Light Vehicle Sales: Steady, Not Great
Despite the sluggish growth rate for the U.S. economy overall, market demand for new light vehicles (cars, light trucks, minivans, and SUVs) has held up pretty well this year. After rising steadily during the second half of 2011, monthly sales volumes have hovered very close to the level of 14 million units (annualized) so far in 2012. This level is still well below the 17-18 million units per year that were sold in the halcyon days prior to the Great Recession, but if sales hold in this range for the rest of 2012 it will represent a healthy gain of 15% over last year’s total. We expect that sales volumes will be steady-to-better in the near-term, and the annual total for 2012 will be very close to 14.5 million units.
There are several positive factors generating demand for new cars and light trucks. They include: gradual gains in consumer incomes; moderate improvements in access to credit; and a rising number of new models being released. But the biggest factor is most likely pent-up demand which is based on the fact that the average age of cars on the road in America is almost 11 years. Americans are driving their cars much longer than they used to on average, but we have pushed this trend to the prudent limit and there is now a growing number of vehicles that need to be replaced. So barring an unforeseen shock to the economy, new vehicle sales will continue to rise gradually in the coming 12 months.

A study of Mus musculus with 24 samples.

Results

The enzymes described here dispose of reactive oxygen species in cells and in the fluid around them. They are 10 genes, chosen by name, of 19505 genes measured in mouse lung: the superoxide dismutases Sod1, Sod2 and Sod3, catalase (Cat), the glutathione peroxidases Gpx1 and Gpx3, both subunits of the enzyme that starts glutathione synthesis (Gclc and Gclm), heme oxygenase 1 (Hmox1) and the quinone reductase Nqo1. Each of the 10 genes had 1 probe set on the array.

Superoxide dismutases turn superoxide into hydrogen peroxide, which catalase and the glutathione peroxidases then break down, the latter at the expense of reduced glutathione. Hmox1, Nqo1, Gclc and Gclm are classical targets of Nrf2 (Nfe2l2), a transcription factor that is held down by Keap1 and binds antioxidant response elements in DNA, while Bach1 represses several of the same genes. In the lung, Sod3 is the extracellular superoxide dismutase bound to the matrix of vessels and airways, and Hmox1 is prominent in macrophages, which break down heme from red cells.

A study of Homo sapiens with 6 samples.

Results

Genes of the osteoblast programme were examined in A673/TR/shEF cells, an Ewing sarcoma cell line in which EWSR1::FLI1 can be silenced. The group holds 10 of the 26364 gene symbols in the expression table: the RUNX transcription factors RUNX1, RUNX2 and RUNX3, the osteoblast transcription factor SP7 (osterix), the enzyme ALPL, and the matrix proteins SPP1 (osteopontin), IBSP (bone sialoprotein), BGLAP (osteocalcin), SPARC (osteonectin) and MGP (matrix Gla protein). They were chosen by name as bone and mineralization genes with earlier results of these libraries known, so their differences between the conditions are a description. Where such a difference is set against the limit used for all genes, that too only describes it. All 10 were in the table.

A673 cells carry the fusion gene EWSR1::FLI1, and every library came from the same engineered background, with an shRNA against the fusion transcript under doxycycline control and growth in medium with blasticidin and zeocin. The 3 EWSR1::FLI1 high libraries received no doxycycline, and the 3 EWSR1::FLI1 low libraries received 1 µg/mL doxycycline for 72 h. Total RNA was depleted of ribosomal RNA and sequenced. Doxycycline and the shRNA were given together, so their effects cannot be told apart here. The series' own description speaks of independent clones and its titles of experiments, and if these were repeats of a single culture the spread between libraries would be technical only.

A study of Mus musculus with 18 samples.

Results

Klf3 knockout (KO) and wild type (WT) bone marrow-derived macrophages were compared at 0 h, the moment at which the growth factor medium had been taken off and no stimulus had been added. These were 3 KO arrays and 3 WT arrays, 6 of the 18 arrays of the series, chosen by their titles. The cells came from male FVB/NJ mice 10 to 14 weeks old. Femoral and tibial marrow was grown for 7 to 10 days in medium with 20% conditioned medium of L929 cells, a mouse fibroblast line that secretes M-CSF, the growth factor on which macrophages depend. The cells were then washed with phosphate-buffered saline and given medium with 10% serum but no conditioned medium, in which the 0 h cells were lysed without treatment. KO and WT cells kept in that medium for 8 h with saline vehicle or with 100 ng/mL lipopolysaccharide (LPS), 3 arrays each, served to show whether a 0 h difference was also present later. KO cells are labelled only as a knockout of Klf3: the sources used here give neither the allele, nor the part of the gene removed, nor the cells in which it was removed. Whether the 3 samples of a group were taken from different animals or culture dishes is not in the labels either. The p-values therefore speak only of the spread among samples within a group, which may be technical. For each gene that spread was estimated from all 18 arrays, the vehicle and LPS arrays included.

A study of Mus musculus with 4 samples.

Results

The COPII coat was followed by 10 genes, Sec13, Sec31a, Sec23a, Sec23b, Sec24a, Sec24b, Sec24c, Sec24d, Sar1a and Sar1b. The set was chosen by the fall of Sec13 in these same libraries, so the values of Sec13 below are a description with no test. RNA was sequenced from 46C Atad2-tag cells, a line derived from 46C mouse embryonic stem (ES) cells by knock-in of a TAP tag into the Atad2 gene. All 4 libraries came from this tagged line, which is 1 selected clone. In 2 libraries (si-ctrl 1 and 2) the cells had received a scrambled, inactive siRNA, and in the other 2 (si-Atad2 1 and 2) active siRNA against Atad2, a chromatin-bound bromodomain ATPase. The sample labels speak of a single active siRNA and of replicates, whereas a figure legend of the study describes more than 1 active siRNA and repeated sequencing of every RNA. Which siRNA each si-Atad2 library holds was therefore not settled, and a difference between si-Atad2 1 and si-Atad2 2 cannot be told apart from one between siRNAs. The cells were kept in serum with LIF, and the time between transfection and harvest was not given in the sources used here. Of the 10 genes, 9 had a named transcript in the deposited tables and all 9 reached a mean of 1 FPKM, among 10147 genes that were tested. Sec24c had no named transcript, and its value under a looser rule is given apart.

Energy prices are a wild card in this forecast, and there is no doubt that the long-term trend in the price of gasoline will have an effect on the types of cars and trucks that are demanded in the coming years. But as long as the changes in the price of fuel stay within a predictable range, demand for new vehicles will continue to expand steadily.
Computer Production Hits a Lull
Since the last time we reported on the computer end-market, there was a substantial downward revision to the data compiled by the Federal Reserve Board that measures U.S. production of computers and related equipment. According to the new data, output of these products from American factories has declined for three straight years. The worst year was 2010 when U.S. production of computers plummeted by more than 20% when compared with the previous year. In 2011, output fell by another 6%. It looks like the downward spiral is decelerating, but for through the first half of 2012 this industry is still registering a decline of 1% from the same period last year. Our latest forecast calls for a decline of 3% in 2012, but we expect a solid increase in 2013.
The good news is that market demand for high-tech products continues to grow. The bad news is that the products that are in greatest demand—smartphones and tablets—are not manufactured in North America. This situation will not last forever, but it will likely persist through the coming year. As for electronic products made in this country, consumer spending for all types of products will gradually accelerate in 2013, and this will lift demand for U.S.-made computers and related equipment. Part of this increase will be generated by the aggregate gains in consumers incomes that will be the result of improving employment figures. Consumers with new jobs will have more money to spend on computers, and the companies that hire them will also have to purchase more computers for the workplace. This trend will become much more evident in 2013 once the Presidential election is over and Congress successfully averts the “fiscal cliff” disaster looming at the end of this year.